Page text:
Beware you don’t lose state pension rights if someone in your household is earning over £50,000.
As the state pension is linked to child benefit claims, it appears that many parents are missing out on millions in state pension rights. Many families where child benefit is claimed and someone is earning over £50,000; some or all of that benefit will need to be paid back through the tax system. As a result of this many are choosing to not claim their child benefit.
In order to qualify for a state pension, an individual will need at least 10 qualifying years of working and earning enough to exceed various NIC thresholds. To qualify for the full state pension they would need 35 years of qualifying years. A person that is eligible for child benefit for a child under 12 can earn qualifying years when they claim. So if they are not claiming due to the effect of the high income child benefit charge (HICBC) they will not be gaining qualifying years towards their state pension.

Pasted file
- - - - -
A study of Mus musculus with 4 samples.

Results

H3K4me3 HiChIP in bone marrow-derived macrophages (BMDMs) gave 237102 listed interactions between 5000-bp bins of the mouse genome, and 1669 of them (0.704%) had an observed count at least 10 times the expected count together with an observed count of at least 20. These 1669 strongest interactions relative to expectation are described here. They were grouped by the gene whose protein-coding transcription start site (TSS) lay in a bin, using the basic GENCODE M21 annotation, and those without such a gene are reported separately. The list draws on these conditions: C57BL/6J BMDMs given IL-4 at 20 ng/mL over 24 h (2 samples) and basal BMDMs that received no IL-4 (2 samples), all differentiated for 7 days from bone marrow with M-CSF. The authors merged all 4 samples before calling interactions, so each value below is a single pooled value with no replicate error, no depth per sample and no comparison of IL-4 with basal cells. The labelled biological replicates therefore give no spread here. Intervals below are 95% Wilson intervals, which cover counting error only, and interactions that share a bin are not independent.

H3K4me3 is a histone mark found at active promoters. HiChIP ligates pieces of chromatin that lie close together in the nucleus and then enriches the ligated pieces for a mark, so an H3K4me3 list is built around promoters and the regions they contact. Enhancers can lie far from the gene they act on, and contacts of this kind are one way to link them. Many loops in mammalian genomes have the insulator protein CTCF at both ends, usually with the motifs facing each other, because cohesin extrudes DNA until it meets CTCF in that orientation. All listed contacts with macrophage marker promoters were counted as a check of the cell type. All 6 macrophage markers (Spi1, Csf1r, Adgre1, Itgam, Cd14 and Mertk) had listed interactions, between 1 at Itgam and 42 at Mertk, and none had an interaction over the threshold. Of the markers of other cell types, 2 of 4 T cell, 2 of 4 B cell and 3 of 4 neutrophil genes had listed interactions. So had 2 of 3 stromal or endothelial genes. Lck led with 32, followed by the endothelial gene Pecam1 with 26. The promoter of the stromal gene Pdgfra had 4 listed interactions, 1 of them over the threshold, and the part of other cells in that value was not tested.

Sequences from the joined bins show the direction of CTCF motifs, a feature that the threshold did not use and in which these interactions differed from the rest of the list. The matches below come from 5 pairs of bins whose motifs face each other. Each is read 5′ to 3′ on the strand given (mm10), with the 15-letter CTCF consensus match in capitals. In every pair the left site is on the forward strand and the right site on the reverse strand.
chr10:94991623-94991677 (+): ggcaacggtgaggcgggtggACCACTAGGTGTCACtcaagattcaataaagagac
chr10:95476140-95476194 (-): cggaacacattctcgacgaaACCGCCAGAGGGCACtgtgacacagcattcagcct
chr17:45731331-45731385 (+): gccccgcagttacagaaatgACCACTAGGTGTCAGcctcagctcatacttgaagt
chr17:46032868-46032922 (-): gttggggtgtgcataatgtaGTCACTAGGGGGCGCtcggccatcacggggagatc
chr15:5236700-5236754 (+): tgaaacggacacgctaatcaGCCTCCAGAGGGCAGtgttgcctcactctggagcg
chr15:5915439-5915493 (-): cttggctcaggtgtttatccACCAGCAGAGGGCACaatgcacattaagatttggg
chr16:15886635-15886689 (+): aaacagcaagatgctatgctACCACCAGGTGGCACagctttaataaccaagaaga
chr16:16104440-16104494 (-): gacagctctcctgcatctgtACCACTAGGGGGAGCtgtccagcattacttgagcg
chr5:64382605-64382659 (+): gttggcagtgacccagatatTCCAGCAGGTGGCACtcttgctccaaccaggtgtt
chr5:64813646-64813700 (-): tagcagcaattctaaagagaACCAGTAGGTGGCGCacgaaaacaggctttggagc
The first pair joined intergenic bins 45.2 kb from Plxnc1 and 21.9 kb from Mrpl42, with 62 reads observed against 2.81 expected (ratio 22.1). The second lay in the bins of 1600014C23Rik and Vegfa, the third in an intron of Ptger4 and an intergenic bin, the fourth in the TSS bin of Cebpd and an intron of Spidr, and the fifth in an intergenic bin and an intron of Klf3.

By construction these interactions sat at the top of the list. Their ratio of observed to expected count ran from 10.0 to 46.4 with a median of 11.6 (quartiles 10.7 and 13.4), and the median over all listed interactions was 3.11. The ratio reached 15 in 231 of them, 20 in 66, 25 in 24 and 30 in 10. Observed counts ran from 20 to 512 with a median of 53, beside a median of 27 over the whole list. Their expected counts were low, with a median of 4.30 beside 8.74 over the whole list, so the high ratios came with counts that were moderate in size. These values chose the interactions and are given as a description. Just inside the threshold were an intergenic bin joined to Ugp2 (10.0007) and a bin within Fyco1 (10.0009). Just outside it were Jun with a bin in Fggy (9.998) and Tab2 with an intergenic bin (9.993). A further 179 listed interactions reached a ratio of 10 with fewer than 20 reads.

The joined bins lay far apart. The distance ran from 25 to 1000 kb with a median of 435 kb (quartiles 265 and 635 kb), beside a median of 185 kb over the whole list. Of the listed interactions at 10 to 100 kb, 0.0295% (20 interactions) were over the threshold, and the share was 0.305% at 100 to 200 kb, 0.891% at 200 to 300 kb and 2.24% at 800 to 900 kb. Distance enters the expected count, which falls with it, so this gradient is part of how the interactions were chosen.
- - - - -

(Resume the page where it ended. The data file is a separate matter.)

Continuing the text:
To ensure that the individual will gain their qualifying years, they will need to claim child benefit using the Form CH2 but then tick the relevant section on the form to say they do not want it to be paid. This way they don’t receive the money but are still claiming child benefit without having to pay it back through the tax system. The individual will continue to earn qualifying years until the child is 12. If they have another child they will need to go through the same process again to continue accumulating qualifying years based on the age of the younger child.
If you need advice on this or any other financial issue contact us.